Why do prisoners wear lurid jumpsuits?
Babar Ahmad attending an extradition hearing on Wednesday

These day prisoners are often seen turning up for court in brightly-coloured jumpsuits. Why?

Orange jumpsuits are an instantly recognisable image of prisoners held by the US in Guantanamo Bay, Cuba.

But a lurid green and yellow version is now becoming a familiar sight at courts in England and Wales.

Babar Ahmad, who is wanted in the US on terror charges, was pictured wearing one such suit on Wednesday when he attended court for an extradition hearing.

Known as "escape suits", the Home Office says they are brightly coloured so if a prisoner does escape he or she can be easily spotted.

"It is all about making them stand out from the crowd," says a Home Office spokesman.


Some psychologists say the use of escape suits is more complex.

"The suits de-individualise the prisoner," says Dr Martin Skinner, psychology lecturer at Warwick University.

"People express themselves through their clothes and putting them in these jumpsuits takes their individuality away and they may find it harder to express themselves in court.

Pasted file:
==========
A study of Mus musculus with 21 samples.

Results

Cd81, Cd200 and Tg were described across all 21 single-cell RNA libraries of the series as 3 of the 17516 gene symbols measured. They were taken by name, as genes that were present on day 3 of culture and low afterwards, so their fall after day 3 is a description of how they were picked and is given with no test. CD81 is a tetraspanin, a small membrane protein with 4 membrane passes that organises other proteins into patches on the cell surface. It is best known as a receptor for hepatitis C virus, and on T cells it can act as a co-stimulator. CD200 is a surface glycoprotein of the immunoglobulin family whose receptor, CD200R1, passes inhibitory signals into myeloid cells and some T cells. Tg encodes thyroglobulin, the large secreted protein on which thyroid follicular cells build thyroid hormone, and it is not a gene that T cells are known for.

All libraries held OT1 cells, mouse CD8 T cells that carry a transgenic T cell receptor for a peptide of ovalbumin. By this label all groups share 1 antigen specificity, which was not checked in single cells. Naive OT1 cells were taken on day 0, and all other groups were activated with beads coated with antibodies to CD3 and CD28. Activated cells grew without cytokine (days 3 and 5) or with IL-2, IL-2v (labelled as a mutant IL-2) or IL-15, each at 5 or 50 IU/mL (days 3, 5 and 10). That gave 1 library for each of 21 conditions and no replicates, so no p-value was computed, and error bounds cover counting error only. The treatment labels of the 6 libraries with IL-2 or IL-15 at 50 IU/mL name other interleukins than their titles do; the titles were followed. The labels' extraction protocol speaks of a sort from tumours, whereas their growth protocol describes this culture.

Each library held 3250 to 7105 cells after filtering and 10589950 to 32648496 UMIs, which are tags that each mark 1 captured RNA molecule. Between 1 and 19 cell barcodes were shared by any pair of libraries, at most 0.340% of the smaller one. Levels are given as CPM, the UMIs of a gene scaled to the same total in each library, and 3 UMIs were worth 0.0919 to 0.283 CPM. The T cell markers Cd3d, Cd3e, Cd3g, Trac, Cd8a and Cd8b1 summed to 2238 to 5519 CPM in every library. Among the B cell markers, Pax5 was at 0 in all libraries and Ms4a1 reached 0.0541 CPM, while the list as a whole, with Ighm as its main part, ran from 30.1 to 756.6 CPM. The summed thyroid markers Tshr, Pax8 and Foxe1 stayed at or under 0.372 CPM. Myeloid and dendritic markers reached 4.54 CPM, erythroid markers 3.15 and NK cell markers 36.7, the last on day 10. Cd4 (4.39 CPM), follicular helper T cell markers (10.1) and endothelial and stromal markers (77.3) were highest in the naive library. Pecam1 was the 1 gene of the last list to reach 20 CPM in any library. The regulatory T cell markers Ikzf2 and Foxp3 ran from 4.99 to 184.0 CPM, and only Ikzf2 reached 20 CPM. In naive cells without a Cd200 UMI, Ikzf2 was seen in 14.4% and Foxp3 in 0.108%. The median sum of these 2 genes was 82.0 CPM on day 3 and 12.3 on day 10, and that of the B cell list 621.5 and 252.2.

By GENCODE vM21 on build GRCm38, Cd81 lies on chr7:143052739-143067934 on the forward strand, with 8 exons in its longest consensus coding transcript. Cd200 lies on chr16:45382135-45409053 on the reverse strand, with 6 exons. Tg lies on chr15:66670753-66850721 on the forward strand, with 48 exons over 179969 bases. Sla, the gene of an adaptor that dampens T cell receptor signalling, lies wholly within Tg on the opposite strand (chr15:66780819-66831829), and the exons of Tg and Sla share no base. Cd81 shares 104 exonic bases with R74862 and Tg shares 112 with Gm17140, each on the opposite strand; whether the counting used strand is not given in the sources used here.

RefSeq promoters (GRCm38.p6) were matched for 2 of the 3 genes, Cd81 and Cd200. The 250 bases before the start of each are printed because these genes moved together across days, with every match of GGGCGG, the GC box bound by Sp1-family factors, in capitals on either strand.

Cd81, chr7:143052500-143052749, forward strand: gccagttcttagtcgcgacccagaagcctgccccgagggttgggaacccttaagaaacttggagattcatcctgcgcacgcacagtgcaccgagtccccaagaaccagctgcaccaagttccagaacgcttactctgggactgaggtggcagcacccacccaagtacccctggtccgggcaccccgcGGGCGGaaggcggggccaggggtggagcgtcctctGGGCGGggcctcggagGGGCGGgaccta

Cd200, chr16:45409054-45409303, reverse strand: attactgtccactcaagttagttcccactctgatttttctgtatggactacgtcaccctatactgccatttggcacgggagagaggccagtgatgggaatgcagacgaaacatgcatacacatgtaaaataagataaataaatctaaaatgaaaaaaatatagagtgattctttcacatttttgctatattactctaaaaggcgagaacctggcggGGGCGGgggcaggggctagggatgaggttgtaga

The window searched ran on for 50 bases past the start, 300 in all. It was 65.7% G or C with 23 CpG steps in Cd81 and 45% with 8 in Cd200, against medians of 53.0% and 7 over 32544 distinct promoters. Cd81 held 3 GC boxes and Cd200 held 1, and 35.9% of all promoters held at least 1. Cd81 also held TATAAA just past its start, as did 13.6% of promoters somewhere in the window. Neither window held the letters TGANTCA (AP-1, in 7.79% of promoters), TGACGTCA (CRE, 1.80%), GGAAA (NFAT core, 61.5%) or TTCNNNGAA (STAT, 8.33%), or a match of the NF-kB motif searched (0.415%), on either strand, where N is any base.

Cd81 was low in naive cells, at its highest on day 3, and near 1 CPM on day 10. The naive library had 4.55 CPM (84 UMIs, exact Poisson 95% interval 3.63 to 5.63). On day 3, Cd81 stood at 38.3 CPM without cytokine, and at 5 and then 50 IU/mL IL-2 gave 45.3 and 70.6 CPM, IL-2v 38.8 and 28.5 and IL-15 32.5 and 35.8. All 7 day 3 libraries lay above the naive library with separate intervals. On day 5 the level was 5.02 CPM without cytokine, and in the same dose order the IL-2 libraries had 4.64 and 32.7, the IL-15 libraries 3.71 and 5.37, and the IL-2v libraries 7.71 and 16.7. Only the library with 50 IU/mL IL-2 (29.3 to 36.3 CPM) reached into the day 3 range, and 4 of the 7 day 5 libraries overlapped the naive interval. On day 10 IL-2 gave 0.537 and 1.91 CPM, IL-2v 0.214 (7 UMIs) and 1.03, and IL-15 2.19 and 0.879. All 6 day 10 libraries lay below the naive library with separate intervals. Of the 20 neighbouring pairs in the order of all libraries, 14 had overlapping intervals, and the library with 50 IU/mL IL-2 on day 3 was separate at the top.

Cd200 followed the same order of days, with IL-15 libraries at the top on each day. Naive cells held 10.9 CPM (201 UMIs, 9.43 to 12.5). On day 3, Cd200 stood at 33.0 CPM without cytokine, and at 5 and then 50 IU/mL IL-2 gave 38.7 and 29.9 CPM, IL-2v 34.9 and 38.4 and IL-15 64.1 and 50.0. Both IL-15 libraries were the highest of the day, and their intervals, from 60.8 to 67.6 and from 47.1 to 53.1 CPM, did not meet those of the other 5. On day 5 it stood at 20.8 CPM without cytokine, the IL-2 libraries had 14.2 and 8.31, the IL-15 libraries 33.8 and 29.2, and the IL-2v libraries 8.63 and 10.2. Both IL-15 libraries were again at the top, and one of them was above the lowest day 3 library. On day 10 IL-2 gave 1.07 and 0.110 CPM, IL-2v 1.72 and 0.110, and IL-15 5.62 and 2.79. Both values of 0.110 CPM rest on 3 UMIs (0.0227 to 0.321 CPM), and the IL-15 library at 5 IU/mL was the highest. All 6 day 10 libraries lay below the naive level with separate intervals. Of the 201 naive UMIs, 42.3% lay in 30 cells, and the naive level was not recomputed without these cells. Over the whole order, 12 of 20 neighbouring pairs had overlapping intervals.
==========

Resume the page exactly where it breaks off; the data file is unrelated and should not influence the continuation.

"The suits also have associations of guilt and conviction. A member of the public would probably look at the prisoner and automatically think they were guilty."

Convicted murderer Michael Stone
Michael Stone was taken to his appeal in a jumpsuit
The suits could also make the prisoner feel under dressed in the courtroom and uncomfortable, he argues.

Earlier this year Home Office minister Hazel Blears extended the idea by calling for young offenders to wear orange uniforms while carrying out community service punishments.

She floated the idea as a way of ensuring justice was seen to be being done in the battle against the "culture of disrespect". It was attacked by civil liberties groups as labelling the youngsters.

"Such uniforms act as a label," says The National Association for the Care and Resettlement of Offenders.

"Labelling young offenders on the road to rehabilitation serves no purpose."

Rights group Liberty says the uniforms degrade people.

In jail rules on uniform are set by each individual prison. But prisoners can earn the right to wear their own clothes.